APA paper

Topics: Childbirth, Wound healing, Healing Pages: 2 (378 words) Published: September 23, 2013

Annotated Bibliography
Beck, D. T. & Watson, S. (2010). Subsequent childbirth after a previous traumatic birth. Nursing Research, 59(4), 241-249.
This nursing article analyzes women’s reactions and experiences with a second childbirth following a traumatic first birthing experience. Beck and Watson (2010) state that a successive childbirth could either aide in the healing process or have the potential to re-open old wounds and make healing harder. The research method used was Phenomenology, which used information from 35 women from across the globe. “In phenomenology, researchers ‘‘borrow’’ other individuals’ experiences to better understand the deeper meaning of the phenomenon” (Beck & Watson, 2010, p. 243).

The women involved in this study were found to have a distressing first birthing experience, not only occurring just from physical trauma, but possibly emotional and psychological trauma as well. According to Beck and Watson the research results generated 274 significant statements that were then placed into four main themes. Theme one showed women who were terrified of their second pregnancy and felt severe anxiety throughout the 40-week period. The second theme spoke about women, who worked to repossess their own body, which they feel had been violated in some sort of way and “complete the journey to motherhood” (Beck and Watson, 2010, p. 245). Theme three categorizes women who take hold of their first traumatizing experience and work to heal and move past those experiences while becoming stronger emotionally. The final theme these women were placed in based on their responses, showed the group of women who wished for their second birth to heal and mend their first experience. Many women resorted to using different healing techniques to mend their first experience, which brought healing to some, and not others. Beck and Watson (2010, p.247) states, “To help women prepare for a subsequent childbirth after a previous traumatic...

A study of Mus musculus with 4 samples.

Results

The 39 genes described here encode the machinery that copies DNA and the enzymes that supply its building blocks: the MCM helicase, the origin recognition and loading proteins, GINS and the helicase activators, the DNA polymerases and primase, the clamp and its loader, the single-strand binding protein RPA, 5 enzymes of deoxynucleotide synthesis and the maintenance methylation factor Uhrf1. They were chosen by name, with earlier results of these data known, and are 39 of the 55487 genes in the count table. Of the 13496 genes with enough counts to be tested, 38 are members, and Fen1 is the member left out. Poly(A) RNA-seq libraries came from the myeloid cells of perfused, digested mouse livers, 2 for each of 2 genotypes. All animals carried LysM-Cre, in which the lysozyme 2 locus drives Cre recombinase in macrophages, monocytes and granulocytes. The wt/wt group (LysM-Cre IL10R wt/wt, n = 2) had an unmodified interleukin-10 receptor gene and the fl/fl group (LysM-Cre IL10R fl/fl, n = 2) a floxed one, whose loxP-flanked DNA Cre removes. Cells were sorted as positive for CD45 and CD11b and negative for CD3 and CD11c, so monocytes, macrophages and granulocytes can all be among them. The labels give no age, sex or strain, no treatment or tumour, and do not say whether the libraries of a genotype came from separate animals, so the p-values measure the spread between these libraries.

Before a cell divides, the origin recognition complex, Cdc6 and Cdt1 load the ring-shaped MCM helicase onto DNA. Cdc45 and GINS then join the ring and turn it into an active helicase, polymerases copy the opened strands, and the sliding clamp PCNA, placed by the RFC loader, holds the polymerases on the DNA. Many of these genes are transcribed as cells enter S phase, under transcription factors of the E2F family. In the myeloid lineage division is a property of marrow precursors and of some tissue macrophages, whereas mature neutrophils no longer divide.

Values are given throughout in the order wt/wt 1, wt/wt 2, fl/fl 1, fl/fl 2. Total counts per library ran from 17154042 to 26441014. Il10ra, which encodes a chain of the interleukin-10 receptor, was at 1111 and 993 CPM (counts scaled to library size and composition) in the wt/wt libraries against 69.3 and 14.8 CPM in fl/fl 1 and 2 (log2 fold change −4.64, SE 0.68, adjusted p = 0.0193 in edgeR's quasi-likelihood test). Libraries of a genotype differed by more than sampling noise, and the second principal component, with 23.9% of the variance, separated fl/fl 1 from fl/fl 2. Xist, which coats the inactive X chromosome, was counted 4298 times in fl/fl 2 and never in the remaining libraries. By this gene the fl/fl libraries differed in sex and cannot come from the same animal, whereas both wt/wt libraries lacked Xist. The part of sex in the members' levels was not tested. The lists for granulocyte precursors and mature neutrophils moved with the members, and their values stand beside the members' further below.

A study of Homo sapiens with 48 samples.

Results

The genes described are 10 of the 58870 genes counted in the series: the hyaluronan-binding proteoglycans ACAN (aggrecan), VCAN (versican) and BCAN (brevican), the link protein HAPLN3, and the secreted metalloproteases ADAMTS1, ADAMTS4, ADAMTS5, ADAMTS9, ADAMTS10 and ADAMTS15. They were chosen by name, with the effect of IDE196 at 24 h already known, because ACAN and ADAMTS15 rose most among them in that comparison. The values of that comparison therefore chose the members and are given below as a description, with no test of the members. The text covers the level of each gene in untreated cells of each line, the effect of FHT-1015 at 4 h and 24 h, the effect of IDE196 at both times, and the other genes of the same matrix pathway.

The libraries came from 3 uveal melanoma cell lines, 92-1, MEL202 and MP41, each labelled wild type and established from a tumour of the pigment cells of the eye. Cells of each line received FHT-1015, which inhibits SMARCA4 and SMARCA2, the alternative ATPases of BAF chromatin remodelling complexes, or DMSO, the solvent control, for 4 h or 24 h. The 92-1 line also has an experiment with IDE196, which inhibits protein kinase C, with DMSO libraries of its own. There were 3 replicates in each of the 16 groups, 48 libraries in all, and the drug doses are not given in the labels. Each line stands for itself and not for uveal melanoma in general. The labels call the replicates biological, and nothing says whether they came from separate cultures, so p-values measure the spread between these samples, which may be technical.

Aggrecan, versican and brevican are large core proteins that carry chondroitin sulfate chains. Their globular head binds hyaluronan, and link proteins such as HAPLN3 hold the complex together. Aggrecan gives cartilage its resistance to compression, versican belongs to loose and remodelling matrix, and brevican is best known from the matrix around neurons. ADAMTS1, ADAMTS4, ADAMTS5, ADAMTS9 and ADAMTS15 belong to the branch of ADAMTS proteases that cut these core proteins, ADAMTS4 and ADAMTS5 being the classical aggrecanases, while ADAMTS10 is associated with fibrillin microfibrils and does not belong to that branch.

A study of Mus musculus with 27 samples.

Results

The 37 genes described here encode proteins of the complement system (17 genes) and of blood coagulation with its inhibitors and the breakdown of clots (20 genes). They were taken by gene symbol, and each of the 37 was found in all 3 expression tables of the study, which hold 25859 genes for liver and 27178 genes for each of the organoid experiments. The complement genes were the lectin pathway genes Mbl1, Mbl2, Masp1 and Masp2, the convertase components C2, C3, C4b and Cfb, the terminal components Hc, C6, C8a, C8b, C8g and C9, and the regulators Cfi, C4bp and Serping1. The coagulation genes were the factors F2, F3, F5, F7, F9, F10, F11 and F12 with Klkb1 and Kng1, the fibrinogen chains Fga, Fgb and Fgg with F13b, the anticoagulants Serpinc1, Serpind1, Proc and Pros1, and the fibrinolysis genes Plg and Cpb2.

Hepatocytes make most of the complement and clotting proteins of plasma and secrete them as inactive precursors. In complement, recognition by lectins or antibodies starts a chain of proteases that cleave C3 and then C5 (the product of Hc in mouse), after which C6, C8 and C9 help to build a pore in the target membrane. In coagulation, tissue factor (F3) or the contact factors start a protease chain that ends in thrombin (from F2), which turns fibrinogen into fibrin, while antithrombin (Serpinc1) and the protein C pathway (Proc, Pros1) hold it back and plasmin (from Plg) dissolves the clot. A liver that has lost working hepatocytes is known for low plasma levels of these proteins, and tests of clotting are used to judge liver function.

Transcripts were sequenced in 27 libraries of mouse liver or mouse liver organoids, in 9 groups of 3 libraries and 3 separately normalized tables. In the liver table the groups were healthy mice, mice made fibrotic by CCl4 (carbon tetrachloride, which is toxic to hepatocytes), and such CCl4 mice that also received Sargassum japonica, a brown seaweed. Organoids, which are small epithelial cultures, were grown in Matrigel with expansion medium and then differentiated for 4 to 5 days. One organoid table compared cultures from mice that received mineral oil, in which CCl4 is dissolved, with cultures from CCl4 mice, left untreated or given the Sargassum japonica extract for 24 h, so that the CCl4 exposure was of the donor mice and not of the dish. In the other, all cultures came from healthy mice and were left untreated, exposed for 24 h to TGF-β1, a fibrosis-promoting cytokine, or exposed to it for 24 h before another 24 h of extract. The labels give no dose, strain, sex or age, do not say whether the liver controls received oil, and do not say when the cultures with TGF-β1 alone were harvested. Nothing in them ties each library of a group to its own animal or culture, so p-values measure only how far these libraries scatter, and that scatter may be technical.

Bibliography: Beck, D. T. & Watson, S. (2010). Subsequent childbirth after a previous traumatic birth. Nursing
Research, 59(4), 241-249.
This nursing article analyzes women’s reactions and experiences with a second childbirth following a traumatic first birthing experience. Beck and Watson (2010) state that a successive childbirth could either aide in the healing process or have the potential to re-open old wounds and make healing harder. The research method used was Phenomenology, which used information from 35 women from across the globe. “In phenomenology, researchers ‘‘borrow’’ other individuals’ experiences to better understand the deeper meaning of the phenomenon” (Beck & Watson, 2010, p. 243).
The women involved in this study were found to have a distressing first birthing experience, not only occurring just from physical trauma, but possibly emotional and psychological trauma as well. According to Beck and Watson the research results generated 274 significant statements that were then placed into four main themes. Theme one showed women who were terrified of their second pregnancy and felt severe anxiety throughout the 40-week period. The second theme spoke about women, who worked to repossess their own body, which they feel had been violated in some sort of way and “complete the journey to motherhood” (Beck and Watson, 2010, p. 245). Theme three categorizes women who take hold of their first traumatizing experience and work to heal and move past those experiences while becoming stronger emotionally. The final theme these women were placed in based on their responses, showed the group of women who wished for their second birth to heal and mend their first experience. Many women resorted to using different healing techniques to mend their first experience, which brought healing to some, and not others. Beck and Watson (2010, p.247) states, “To help women prepare for a subsequent childbirth after a previous traumatic birth, clinicians first need to identify who these women are.” The article showed some of the women had a previous negative experience in their lifetime, which may contribute to how they handle their birthing experiences. As Beck and Watson state having a negative birthing experience can leave a lifelong emotional wound on some women. However, having a positive second childbirth can have a healing effect on some women, but all parties involved (healthcare workers, nurses, doctors/ midwives) all have to be aware of the previous experience.